The Kansas City Construction Worker’s Guide to Personal Protective Equipment: What Equipment Should Your Employer Provide In Order To Prevent Injury
In most cases, personal protective equipment (PPE) is provided by the company to be worn by workers. The appropriate personal protective equipment depends on the hazards at the job site.
Common construction site hazards covered by PPE include:
• Flying or falling objects
• Electrical shock and electrical burns
• Hot surfaces
• Sharp objects , glass, nails
• Radioactive materials
• Flying particles and dust from grinding, sawing, drilling
• Hazardous chemicals
• Injurious light rays and bright light (from lasers or welding)
• Slippery surfaces
Heads are most often protected with hardhat. Hardhats should comply with American National Standards Institute (ANSI) standard Z 89.1 1981, Requirements for Protective Headwear for Industrial Workers. There are special helmets for workers who may be exposed to electricity.
Hard hats should be replaced every two to five years and if they show any signs of damage. Learn more about hard hats in our article, “Your Hard Hat: It Is Your Best Protection From Head Injury. How do you know if it needs replacing?”
EYE AND FACE PROTECTION
At many job sites, workers risk of eye injury due to flying particles, hazardous substances, projections, lasers, or bright lights. Goggles or impact resistant safety glasses with side shields offer protection from flying particles produced by chipping, grinding, sawing, or drilling.
Splash resistant goggles should be used when working with acids and other hazardous liquid chemicals.
Welders should use welding goggles with filter lenses or plates to screen out harmful light and ultraviolet rays. The rating will depend on the type of welding.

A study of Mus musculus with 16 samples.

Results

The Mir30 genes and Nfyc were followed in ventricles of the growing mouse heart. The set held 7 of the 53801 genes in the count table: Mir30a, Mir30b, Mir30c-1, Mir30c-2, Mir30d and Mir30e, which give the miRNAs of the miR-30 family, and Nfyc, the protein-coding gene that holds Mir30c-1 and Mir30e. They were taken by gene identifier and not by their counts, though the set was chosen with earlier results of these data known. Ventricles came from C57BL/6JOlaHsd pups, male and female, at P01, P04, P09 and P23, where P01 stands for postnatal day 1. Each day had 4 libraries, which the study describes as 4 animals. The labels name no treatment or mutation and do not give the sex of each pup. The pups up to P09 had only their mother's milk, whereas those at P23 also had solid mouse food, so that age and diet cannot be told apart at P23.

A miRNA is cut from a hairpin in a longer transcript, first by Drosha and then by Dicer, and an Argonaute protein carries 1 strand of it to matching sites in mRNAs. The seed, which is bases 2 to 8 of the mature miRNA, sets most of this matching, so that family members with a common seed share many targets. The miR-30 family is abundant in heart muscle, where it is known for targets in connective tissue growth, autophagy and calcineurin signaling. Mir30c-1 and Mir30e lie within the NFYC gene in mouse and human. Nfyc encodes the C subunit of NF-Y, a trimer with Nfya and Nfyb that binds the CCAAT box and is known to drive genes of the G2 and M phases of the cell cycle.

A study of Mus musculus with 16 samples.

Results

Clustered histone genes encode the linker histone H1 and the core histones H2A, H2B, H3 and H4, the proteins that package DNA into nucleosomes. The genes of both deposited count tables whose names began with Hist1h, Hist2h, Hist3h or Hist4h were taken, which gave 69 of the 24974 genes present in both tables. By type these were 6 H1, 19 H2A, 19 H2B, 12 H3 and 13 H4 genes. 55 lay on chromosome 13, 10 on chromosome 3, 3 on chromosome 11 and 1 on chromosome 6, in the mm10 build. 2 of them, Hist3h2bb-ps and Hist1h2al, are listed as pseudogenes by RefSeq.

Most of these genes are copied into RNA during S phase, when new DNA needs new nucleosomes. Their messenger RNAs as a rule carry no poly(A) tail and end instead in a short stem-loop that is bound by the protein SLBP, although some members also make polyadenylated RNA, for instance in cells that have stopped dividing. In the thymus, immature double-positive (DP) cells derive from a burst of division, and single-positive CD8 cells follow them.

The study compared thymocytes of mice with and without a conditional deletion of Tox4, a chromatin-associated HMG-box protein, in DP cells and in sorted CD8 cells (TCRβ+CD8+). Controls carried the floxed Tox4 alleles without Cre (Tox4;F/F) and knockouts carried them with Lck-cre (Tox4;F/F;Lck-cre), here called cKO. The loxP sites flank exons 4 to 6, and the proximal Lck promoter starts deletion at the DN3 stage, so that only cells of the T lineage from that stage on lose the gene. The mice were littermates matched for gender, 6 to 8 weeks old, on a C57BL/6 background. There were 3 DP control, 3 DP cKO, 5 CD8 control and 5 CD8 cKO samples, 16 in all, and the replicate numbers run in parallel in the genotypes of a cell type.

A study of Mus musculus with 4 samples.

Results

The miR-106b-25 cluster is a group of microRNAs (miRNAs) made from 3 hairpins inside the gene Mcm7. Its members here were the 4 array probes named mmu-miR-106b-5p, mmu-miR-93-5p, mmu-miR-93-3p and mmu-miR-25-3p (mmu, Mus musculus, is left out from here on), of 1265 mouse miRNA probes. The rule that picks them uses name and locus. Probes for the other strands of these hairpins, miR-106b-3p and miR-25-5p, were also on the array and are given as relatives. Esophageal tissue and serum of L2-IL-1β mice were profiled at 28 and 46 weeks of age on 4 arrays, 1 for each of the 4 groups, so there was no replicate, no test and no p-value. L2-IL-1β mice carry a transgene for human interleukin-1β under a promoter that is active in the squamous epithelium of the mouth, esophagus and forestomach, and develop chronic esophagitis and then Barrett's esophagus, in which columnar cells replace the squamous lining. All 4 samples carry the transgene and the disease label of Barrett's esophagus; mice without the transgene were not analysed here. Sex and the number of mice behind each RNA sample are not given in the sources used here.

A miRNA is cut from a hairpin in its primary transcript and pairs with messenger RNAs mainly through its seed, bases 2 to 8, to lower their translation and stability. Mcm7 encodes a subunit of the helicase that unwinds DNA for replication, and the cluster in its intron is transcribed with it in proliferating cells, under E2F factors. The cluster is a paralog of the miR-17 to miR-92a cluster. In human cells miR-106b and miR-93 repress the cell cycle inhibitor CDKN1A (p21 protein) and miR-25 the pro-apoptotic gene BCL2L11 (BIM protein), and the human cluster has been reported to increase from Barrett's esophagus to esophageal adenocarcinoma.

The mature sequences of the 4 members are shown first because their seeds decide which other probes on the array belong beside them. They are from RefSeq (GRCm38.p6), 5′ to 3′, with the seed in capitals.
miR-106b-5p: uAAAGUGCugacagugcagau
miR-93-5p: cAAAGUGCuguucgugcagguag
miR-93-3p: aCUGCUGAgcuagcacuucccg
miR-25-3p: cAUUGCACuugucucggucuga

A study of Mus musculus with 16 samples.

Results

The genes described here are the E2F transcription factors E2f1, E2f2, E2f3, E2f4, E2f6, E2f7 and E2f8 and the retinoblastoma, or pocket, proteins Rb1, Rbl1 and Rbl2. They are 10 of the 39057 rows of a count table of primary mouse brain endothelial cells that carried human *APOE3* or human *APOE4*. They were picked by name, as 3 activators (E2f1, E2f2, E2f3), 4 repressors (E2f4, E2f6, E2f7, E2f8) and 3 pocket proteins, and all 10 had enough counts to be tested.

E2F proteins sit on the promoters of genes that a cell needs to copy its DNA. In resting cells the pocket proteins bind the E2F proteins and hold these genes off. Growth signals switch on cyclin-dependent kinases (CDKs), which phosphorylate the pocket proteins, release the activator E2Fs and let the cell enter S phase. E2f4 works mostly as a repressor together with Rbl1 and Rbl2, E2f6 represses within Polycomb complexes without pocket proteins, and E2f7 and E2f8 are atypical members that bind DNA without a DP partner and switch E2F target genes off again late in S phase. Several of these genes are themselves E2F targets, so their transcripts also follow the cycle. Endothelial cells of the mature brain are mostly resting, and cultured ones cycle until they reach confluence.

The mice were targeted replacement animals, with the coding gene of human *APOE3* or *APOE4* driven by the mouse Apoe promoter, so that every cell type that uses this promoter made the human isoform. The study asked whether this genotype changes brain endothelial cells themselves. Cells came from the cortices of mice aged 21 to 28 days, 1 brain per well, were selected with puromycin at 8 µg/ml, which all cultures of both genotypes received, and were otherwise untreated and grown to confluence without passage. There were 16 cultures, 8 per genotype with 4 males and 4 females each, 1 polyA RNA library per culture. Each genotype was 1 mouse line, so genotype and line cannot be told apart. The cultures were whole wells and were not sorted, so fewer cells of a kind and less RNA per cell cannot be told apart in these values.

Employees who are exposed to laser beams should use laser safety goggles that are designed to protect against the specific wavelength and power of the laser.
Employees who use vision correcting glasses and need job site eye protection should be provided with one of the following:
1. Safety glasses or goggles with suitable corrective lenses
2. Safety goggles that fit over the employee’s own glasses
In general, contact lenses should not be worn on a construction site because of the high risk of eye injury.
When workers are exposed to sharp objects, hot surfaces, harmful physical or chemical agents, or radioactive material, they should be provided gloves that protect from cuts, burns or other hazards.
Gloves can also be used to protect from the injury producing vibrations of power tools. They must fit properly and provide enough grip for the worker to safely control the power tool.
Welders should use non-flammable gloves with gauntlets.
Rubber gloves protected by outer canvas or leather gloves are used for live high voltage electrical work.
Most construction workers wear steel-toed safety shoes and/or boots to protect the foot from cuts and falling objects. Workers using jackhammers should wear a steel covering over the whole foot, not just the toes.
Rubber boots are worn for protection when working with concrete or in water.
In some cases, body protection is needed. This protection might be an apron, or coveralls, or a full body suit that protects against toxic substances, steam, oil, water, or extreme heat or cold.
Employees working near asbestos lead, and other regulated carcinogens must wear protective clothing specified by OSHA standards.
Welders should wear leather aprons, and shirts with long sleeves and collars, as well as required head, face, eye, hand, foot, and respiratory protection.
Highway workers and construction workers who work near traffic wear bright orange warning garments or yellow rain gear. At night, they wear reflectorized clothing.
Other protection can include hearing protection and respirators.
What can you do if you were injured because of inadequate safety equipment? Call the Kansas City construction injury attorneys at Kansas City Accident Injury Attorneys at 1-888-348-2616. We can get you the worker’s compensation insurance claim that you are entitled to and help you determine if you have a claim for any additional damages. Contact our Kansas City law office to schedule a free initial consultation with a Missouri work injury attorney.
To learn more about Missouri construction accident injury claims, download our free book: “How to Avoid Becoming a Work Injury Horror Story.”